Home Indiana Agriculture News Indiana Farm Bureau Policy Promotes Protection of Farmers at the Elevator

Indiana Farm Bureau Policy Promotes Protection of Farmers at the Elevator


Kendell Culp and Randy Kron at 2022 INFB delegate session

“We had several resolutions from Huntington County, from Wells County up in that Salamonie area where they had grain failures a year and a half ago or so.”

Culp explained the concern is over grain elevators that are under water financially and farmers delivering grain to such a facility without that knowledge, while the state licensing agency does have that intelligence.

“And so there are concerns and there need to be audits done,” Culp told HAT. “But even as audits are done, as was pointed out today, then the next year after the audit, they close their doors and then these farmers are at risk. The Grain Indemnity Fund is funded by the farmers obviously to help in those certain situations, but they don’t cover 100% of the loss. And so we need to make sure that we continue to represent our members and the needs of those producers to make sure that there’s confidence when they deliver the grain. They’re delivering it to a grain warehouse that’s licensed by Indiana, and they want to know that there’s confidence in knowing that license means that they’re solvent.”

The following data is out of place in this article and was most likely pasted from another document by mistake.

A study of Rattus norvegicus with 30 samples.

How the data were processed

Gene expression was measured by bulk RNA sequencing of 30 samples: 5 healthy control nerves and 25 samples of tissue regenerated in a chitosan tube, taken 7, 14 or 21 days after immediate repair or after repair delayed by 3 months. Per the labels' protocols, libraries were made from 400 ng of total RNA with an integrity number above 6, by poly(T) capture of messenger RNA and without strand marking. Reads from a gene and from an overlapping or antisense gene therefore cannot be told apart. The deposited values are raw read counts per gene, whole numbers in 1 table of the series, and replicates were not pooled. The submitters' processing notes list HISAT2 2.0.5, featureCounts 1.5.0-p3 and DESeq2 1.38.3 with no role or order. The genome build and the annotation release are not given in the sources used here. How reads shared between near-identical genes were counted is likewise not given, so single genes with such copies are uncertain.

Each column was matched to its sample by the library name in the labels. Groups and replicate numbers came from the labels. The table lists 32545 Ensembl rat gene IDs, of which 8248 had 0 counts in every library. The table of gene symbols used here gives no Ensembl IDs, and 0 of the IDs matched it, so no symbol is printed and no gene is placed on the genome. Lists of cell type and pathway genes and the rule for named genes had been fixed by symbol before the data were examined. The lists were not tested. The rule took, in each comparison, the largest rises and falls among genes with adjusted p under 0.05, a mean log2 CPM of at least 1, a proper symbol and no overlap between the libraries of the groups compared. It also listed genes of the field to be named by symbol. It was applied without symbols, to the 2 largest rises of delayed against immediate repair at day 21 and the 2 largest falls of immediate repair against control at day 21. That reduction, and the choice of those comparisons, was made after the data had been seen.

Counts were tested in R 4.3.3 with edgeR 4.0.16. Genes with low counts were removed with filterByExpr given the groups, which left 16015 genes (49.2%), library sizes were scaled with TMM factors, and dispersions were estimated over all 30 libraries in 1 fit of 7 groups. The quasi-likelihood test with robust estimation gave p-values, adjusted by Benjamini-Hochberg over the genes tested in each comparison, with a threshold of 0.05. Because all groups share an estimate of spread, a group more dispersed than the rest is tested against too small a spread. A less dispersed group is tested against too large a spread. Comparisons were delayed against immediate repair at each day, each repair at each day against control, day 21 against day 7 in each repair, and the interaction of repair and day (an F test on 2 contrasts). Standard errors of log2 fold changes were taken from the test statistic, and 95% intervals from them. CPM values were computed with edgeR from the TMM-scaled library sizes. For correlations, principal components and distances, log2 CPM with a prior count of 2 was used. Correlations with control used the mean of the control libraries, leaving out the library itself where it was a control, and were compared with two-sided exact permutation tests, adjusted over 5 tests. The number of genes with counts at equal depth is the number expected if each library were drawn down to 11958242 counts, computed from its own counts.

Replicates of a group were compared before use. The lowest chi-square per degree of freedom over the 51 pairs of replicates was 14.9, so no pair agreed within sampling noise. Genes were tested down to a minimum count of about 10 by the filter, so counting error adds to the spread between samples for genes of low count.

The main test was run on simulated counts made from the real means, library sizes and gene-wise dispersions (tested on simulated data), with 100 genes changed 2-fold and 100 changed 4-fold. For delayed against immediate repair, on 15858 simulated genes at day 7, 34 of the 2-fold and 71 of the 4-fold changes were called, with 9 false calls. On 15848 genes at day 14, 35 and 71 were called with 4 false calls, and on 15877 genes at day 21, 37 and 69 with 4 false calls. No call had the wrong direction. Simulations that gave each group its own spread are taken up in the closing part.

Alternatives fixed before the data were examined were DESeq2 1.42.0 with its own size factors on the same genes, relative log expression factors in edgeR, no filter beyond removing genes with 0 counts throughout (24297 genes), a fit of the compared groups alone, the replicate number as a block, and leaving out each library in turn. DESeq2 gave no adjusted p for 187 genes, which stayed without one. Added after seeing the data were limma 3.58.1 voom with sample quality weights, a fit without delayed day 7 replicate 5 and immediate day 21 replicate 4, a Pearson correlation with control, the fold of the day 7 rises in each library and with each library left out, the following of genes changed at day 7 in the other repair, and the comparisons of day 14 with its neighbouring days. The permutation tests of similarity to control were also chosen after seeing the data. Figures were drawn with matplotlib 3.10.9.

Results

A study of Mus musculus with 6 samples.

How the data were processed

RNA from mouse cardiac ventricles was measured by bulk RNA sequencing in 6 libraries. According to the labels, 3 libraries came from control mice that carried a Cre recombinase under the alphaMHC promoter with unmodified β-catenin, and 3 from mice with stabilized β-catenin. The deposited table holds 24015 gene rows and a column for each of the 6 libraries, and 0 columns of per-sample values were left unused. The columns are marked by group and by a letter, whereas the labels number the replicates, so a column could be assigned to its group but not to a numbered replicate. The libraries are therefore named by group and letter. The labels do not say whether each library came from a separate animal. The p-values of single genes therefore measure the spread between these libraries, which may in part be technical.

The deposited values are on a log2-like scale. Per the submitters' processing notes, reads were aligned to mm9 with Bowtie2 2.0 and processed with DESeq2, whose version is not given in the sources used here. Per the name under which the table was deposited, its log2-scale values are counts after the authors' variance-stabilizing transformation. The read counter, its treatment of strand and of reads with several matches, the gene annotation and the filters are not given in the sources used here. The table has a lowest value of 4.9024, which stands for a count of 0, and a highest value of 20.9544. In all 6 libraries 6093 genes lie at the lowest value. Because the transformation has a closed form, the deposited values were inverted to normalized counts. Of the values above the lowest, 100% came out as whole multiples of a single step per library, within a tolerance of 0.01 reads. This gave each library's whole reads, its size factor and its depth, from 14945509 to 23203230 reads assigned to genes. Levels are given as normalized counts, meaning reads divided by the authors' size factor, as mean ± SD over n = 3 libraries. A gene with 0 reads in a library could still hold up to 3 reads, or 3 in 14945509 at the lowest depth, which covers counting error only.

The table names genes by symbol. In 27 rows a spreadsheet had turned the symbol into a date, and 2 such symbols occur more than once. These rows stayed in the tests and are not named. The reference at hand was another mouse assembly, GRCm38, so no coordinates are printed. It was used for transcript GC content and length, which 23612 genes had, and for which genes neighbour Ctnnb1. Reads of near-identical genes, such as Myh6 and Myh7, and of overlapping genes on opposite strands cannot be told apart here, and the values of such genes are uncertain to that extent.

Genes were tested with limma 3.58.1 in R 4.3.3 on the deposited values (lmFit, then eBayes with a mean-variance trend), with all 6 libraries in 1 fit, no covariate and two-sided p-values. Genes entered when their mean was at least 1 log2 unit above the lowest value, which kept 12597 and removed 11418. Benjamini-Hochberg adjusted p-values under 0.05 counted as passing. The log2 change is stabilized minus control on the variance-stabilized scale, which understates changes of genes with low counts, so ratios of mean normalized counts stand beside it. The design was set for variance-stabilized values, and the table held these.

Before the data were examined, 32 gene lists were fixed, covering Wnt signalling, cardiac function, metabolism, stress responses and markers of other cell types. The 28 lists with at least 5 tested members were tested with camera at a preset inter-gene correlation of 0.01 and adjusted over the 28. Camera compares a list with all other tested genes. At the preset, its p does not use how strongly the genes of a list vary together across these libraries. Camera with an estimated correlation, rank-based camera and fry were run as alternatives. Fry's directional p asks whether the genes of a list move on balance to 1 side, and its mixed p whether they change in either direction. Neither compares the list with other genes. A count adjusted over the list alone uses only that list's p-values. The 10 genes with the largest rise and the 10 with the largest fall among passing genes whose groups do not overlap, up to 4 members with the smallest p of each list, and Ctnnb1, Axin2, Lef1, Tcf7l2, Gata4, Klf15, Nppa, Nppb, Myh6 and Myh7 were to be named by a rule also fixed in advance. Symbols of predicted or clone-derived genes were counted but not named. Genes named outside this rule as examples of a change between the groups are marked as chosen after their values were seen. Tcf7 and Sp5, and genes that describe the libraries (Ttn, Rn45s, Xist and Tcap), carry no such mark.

Indiana Farm Bureau delegates want more transparency and integrity from the Grain Buyers Warehouse Licensing Agency.

Culp explained that INFB supports the current audit process, but “I think there needs to be more transparency in that process. We have the Grain Indemnity Board and there are farmers that make up that as well as others, warehouse owners, but Indiana Farm Bureau has a couple seats on that. Well they are not privy to the information of what grain elevators are under water and in financial problem. Somebody some needs to have oversight on that besides just the regulatory employees.”

So, after much discussion, language was added to the policy book so producers ultimately can have more confidence in their grain-buying warehouse or elevator.

Also discussed Saturday…further support of policy on promoting high quality broadband to every acre, and office of state chemist rules on portable storage containers. Those stories in the coming days from HAT.